Sat07262014

On The Road

Most drivers say they don't use turn signals

Maybe you've asked yourself: What is the big deal about a turn signal? Is it hard to find? Difficult to use? Why is it that 57 percent of drivers say they don't use one?

Won't-use-a-signal drivers are shameless, according to a national survey by Response Insurance, a national car insurer.

• 23 percent say they're too lazy.

• 42 percent say they don't have enough time.

• 17 percent don't signal because they forget to turn the signals off after turning.

• 12 percent say they change lanes too often to bother.

• 11 percent say it's not important.

• 8 percent say they won't signal because other drivers don't.

• 7 percent actually say they forego the signal because it "adds excitement to driving."

(The total exceeds 100 percent because some drivers picked more than one reason.)

"Most drivers are failing to see the importance of using their turn signals," said Mory Katz, chairman and CEO of the insurance company. "But they are doing so at their own peril - and the peril of others - since their unanticipated actions cause crashes."

The survey also found that men are more likely not to signal when they change lanes (62 percent vs. 53 percent) as are drivers 18 to 24. Seventy-one percent of that age group says they do not signal, compared with 49 percent of adults 55 to 64.

The survey polled 1,000 adults and has a margin of error of plus or minus three percentage points.

Parents can be

traffic hazards

If you're like many parents who drive their kids to school, you may be contributing to traffic hazards in the drop-off zone. Parents often double park or stop in crosswalks as they wait for their children, blocking visibility for children and other motorists.

Here are some suggestions:

Always pull up to the curb, on the same side of the street as the school.

Never stop in moving traffic to let kids out of the car.

Kids should exit the car on the curb side, never in the street.

Comply with the speed limit in school zones. Parents too often drive 10 mph faster than the posted speed limit, putting children in danger.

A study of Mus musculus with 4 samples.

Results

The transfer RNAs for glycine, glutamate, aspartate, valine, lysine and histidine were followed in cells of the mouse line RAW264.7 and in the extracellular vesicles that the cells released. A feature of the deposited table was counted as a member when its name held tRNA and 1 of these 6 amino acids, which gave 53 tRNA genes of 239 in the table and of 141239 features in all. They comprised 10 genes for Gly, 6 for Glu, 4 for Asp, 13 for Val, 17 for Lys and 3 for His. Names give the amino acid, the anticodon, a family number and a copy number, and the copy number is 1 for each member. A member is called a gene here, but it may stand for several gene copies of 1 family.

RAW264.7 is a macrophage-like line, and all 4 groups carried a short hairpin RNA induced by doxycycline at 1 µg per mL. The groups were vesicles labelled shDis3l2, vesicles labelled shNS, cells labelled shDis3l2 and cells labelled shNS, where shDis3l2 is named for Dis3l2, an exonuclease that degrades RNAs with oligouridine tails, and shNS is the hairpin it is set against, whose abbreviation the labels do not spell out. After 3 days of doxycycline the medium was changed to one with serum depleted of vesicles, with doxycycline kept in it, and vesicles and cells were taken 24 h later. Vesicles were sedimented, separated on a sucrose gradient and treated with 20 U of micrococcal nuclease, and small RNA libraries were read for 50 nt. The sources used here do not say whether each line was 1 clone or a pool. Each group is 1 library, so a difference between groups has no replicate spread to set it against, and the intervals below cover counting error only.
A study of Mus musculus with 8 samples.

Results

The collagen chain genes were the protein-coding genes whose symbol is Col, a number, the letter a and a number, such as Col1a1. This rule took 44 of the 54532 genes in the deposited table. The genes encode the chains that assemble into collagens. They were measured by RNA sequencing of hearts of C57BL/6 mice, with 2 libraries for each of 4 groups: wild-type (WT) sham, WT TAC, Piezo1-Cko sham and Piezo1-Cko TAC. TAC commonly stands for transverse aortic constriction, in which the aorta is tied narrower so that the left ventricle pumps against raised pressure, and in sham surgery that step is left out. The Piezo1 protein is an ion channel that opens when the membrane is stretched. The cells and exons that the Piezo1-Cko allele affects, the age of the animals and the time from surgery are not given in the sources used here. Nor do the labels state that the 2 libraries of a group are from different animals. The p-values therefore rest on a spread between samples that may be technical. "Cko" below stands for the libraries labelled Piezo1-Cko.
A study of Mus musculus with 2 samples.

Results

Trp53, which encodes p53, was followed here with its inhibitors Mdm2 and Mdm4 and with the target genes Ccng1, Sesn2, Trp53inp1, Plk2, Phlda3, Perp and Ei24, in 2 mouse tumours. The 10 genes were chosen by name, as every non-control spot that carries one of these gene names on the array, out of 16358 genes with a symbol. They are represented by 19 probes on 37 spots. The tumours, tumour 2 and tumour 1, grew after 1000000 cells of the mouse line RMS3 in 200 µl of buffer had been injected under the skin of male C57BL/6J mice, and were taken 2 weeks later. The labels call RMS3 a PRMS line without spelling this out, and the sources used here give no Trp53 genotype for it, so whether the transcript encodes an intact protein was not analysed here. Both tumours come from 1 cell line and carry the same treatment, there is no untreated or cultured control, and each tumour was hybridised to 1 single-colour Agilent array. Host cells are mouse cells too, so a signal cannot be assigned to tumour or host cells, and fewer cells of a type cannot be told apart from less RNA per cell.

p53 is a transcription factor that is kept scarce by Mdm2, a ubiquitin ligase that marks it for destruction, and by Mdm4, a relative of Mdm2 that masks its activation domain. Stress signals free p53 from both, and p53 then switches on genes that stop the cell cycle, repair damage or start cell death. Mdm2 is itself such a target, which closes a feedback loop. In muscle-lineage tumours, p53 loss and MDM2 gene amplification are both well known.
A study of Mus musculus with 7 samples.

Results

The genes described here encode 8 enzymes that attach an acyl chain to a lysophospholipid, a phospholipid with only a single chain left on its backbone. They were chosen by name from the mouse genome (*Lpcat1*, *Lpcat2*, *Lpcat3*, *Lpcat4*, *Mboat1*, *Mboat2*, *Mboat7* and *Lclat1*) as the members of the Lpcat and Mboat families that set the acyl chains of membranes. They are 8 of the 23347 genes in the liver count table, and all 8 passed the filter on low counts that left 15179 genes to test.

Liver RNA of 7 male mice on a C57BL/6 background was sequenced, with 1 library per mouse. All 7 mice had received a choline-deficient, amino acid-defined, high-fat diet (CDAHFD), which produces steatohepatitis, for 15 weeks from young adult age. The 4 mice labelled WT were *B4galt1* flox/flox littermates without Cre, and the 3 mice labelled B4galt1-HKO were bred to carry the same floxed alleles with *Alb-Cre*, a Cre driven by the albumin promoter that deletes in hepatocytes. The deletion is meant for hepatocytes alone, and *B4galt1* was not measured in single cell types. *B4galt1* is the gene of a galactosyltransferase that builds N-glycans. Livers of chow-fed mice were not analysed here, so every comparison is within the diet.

Never block a school bus, even if your child misses his or her ride.

Don't drive beside the bus, honking the horn and waving frantically for the driver to stop so you can deliver a forgotten lunch or homework.

If you must drive your kids to or from school, these suggestions may help minimize traffic hazards for all kids:

Carpool to reduce the number of cars at the school or bus stop.

Request that the school set up a special pick-up and drop-off area.

If there is no such area, arrange a specific place to pick up your children - on the same side of the street as the school or away from congestion.

Ask school officials to dismiss children who ride in cars a little later than those who walk, bike or ride school buses.

Conditional license available for seniors

If you fail to pass your state DMV driver's license test, you may go back and seek a conditional or restricted driver's license.

To start the process, you must fill out a Request for Driver Examination form (DS 699A), which is available in any DMV field office or on the DMV Internet Web site at www.dmv.ca.gov. On the form, you can explain why you feel the need for a conditional or restricted driver's license.

If the DMV grants a re-examination, you will need to pass a vision test and a behind-the-wheel test.

Tips for seniors'

driving health

Be sure to get regular eye exams. See your eye doctor at least once every two years. Many eye problems can be corrected if detected early. Cataracts are common and can be corrected with surgery.

While driving, turn your head frequently to compensate for diminished peripheral vision.

If you have trouble with night vision or glare, limit driving to daytime hours.

Keep headlights, mirrors and windshield clean.

Add a larger rearview mirror to increase the range of visibility.

Keep your eyes up - look ahead to see trouble before you reach it. In the city, look one block ahead. On the highway, look where you will be in 20 to 30 seconds.

Age may lengthen the time it takes the brain to process information and to react. It may help to:

Leave more room in front of the car - follow at a greater distance.

Avoid left turns if you are uncomfortable.